Archives Coloniale, Correspondence Generale, C13a vol. 34 folio 386 bis
Le Page du Pratz 1750
Memoir of the discovery, made in Louisiana, of a mine of rock crystal, and the means to make use of it.
The person who has made this discovery was in Louisiana, and is now in Paris, to seek the most appropriate way toward this enterprise, while Europe is at peace. The mine is known to him only. It was discovered only at great risk. As his fortune is not sufficient for such an undertaking, here is how he proposes to bring it about: that others shall advance me about thirty thousand livres in silver to buy the necessary equipment, provisions and supplies for the workers he must take with him, to pay their passage for the voyage, and a great part of this sum will be expended on trade goods, which will return a great profit, since they can be traded (or sold) at three hundred percent, as he has learned after his long residence in that colony. He asks for the loan for three years, due to the lengthy voyages and work that must be made before sending the material back to France.
As all men are mortal, and as it would be hopeless for him to take on alone all the responsibility for the sums that will have been advanced to him, he asks that he be assigned one person, trustworthy and capable, who will have his power of attorney, in case of accident, to assume his property, and to dispose of it for the profit of those who have made him these loans.
Because in this eventuality he would have a great deal to gain by following the instructions that he will be given before departing, he [Le Page] wishes to caution this person of confidence, that he follow only the orders that will be given him, because, he shall have everything at his fingertips, including the journal and the funds and contracts. For all this he will be paid an honest wage up front.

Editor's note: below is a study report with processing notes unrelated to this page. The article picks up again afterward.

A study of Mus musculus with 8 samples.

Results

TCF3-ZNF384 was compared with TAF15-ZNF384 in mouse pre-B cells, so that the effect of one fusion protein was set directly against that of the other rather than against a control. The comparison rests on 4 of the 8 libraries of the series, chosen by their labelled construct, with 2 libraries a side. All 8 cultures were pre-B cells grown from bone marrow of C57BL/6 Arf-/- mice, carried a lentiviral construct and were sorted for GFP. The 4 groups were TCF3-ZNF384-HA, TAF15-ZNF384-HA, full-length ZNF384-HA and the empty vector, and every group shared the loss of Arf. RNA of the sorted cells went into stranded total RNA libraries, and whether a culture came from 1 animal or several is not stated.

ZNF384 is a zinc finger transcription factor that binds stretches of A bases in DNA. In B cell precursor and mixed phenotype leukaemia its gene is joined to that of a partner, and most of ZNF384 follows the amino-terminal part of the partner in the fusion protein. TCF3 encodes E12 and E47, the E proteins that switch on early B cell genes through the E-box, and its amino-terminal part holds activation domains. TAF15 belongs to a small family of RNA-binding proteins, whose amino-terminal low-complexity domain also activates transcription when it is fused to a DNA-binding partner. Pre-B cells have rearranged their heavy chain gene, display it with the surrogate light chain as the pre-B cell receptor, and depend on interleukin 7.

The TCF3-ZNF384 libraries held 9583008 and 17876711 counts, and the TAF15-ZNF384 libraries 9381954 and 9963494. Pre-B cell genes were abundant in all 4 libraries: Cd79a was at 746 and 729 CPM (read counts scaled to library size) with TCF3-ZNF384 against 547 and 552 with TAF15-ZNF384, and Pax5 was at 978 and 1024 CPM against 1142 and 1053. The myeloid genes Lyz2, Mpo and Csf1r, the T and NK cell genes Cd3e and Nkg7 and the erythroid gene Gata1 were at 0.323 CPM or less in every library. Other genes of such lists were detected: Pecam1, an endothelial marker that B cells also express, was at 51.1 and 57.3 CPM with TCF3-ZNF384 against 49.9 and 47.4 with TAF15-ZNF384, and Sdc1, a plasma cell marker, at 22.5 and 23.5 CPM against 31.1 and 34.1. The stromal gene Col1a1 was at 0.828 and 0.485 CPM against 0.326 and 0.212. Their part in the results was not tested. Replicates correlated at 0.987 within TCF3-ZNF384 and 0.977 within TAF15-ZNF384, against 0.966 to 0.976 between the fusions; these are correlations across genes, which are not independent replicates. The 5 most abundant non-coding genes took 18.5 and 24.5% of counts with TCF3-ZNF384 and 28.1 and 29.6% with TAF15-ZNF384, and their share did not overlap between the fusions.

At the end of three years the ten thousand livres will be paid back fifteen thousand with interest, which makes in total 45000.
There are all the terms, in outline. A more detailed memoir would be rather unnecessary, because he [Le Page] reserves to himself the right to furnish all necessary explanations verbally to those who with to make him these loans. He will fully brief them. WhatÕs more, he who makes this proposal has the honor of being personally acquainted for several years with the Minister of the Marine, and is recommended to him by Madame la Marquise de la Carte, who is the mother of this same Minister.
by Le Page
[That looks like his signature, but I donÕt know his handwriting well enough to determine if he wrote this himself. ItÕs revealing that the text uses the first person pronoun once.
The ministre de la marine in 1749-50 was Antoine Louis Rouillˇ. He succeeded Phˇlypeaux, who had held the job for 30 years or more. Perhaps LPDP thought he would find more favor with this new administration?]